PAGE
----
Mile 831.6 – 843.6
July 3rd, 2017
It’s crazy how much of a difference there is from being hydrated and being dehydrated while hiking, or doing anything physical for that matter. I woke up with an instant realization that I had a headache, but also that my body felt as though it was shutting down. I figured it was one of two things: either I ate something funky (most likely a bad Sierra Onion) or maybe yesterday proved to be more difficult on me than I previously thought. Either way I didn’t even think that it would’ve been due to a lack of water. Didn’t matter, I couldn’t just sit around and mope about my troubles, life goes on and so must I.
For four miles I was feeling extremely groggy, taking many breaks which allowed my group to gain a substantial lead ahead of me. I finally caught up with them at the end of that fourth mile, where they had stopped by a small stream. They poked fun at me for eating those damn onions, you know, saying that I might die . . this and that. I wasn’t so amused, but at the same time I didn’t have the energy to give it right back to them. I sat down, and for the next twenty minutes I forced myself to drink two liters of water. Not even one mile after we set back off I already felt over a thousand times better. It was crazy, and just in the nick of time too, for the hike up to Muir Pass was not for the faint of heart.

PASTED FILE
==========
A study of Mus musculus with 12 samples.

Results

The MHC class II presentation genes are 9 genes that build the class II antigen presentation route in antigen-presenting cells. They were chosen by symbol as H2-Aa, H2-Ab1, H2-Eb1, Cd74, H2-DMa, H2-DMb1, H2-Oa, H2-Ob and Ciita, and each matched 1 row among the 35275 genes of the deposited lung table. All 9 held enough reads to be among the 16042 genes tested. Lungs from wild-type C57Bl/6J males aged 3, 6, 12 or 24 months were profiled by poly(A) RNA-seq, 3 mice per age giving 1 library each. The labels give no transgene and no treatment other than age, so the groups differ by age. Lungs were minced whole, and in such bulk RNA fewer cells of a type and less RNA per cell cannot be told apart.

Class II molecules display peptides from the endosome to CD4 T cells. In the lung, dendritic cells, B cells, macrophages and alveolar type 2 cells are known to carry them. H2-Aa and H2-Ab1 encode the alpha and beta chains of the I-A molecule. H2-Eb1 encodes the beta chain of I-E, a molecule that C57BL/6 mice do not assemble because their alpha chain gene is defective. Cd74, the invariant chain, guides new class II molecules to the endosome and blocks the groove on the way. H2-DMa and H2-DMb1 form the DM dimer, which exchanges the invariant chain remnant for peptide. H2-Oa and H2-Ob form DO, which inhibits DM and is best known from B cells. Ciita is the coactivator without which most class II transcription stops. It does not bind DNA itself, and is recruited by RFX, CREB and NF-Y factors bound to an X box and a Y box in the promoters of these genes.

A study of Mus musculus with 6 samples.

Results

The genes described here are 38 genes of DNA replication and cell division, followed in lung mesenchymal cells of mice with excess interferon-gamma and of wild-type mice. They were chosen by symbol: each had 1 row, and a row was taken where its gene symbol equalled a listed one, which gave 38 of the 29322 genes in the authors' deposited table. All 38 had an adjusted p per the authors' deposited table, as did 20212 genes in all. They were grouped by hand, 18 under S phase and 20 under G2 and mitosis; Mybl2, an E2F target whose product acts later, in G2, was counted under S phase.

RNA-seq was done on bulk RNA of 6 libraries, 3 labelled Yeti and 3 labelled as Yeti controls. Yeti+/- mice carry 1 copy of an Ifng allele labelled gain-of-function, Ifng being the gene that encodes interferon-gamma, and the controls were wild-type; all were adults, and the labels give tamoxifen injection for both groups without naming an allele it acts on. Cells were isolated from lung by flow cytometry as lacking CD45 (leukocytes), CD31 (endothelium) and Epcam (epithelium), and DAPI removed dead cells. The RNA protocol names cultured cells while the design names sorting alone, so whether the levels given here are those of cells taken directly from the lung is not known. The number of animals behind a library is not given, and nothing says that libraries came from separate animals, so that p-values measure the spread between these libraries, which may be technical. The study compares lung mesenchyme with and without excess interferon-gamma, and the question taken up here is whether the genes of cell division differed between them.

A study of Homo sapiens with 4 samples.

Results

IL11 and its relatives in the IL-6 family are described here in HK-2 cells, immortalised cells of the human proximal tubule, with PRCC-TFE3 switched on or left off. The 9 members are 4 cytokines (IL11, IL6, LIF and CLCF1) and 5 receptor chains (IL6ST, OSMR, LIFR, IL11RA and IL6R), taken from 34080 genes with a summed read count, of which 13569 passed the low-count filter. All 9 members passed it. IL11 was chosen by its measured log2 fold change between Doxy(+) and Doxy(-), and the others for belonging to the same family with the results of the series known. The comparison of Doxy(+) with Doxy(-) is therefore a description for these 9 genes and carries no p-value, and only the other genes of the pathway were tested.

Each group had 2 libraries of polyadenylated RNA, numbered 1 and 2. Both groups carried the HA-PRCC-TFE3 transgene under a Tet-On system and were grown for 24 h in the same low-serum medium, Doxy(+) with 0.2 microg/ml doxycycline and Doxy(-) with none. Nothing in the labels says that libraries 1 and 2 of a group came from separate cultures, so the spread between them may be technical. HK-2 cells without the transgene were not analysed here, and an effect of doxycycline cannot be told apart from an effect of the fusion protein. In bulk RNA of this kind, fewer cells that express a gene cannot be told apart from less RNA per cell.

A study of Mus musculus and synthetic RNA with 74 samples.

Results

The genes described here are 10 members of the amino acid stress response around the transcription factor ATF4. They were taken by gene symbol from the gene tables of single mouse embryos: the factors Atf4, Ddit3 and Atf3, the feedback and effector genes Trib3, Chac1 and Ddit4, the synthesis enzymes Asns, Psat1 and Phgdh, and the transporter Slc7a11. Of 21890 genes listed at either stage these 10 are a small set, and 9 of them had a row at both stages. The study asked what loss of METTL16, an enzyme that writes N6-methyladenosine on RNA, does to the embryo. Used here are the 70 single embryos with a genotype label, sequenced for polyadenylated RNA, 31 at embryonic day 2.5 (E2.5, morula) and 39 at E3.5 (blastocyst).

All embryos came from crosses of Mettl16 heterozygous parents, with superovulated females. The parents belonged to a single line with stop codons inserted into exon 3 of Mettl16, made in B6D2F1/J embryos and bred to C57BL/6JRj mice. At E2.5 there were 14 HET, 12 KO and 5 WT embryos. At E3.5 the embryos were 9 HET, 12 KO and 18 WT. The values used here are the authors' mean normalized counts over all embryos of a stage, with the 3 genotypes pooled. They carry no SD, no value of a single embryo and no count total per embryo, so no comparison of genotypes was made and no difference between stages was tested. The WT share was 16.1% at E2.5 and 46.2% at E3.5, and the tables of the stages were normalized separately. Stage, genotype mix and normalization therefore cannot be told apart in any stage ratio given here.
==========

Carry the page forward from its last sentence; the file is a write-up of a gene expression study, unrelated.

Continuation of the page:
It was the usual long, snow-cupped stretches that we were growing accustomed to seeing, all the way up to the Muir Shelter. This is a pretty cool shelter that was built by the Sierra Club back in 1931. At just under 12,000 ft in elevation this hut would provide great shelter if the weather were to turn on you during this stretch. The granite rocks were carefully placed to form a circular dome, and inside there were benches for resting.
We hung out at the hut for a little longer than we should have, and once we figured out what time it was and how much further we had to make it to get below snow level we frantically gathered up our packs and ran off. The descent of this pass seemed to go on forever . . a slow and painful one that had Lt. Dan and I stopping far too often to wait for others in the group. That is a huge factor that you don’t really think about, having to wait for people who are in your group. Tensions can rise when you’re constantly waiting for people, this I know for sure. Once we got down to a certain point we noticed that the bootpack we had been following veered off directly into a lake, which didn’t seem too appetizing to us being the end of the day and the temperature declining at a rapid rate. We spent the rest of the day creating our own path and the very last thing we did was cross a creek. I swear this creek had the coldest water on the planet; instant pins and needle pain as I entered into the small river. We ended up camping at a spot that has probably never been used to camp on in times past, on the edge of a cliff . . but we managed to get a fire going just as the sun was setting, and although we didn’t cover as much ground as we had originally hoped for we were warm, ready to take on another day in the morning.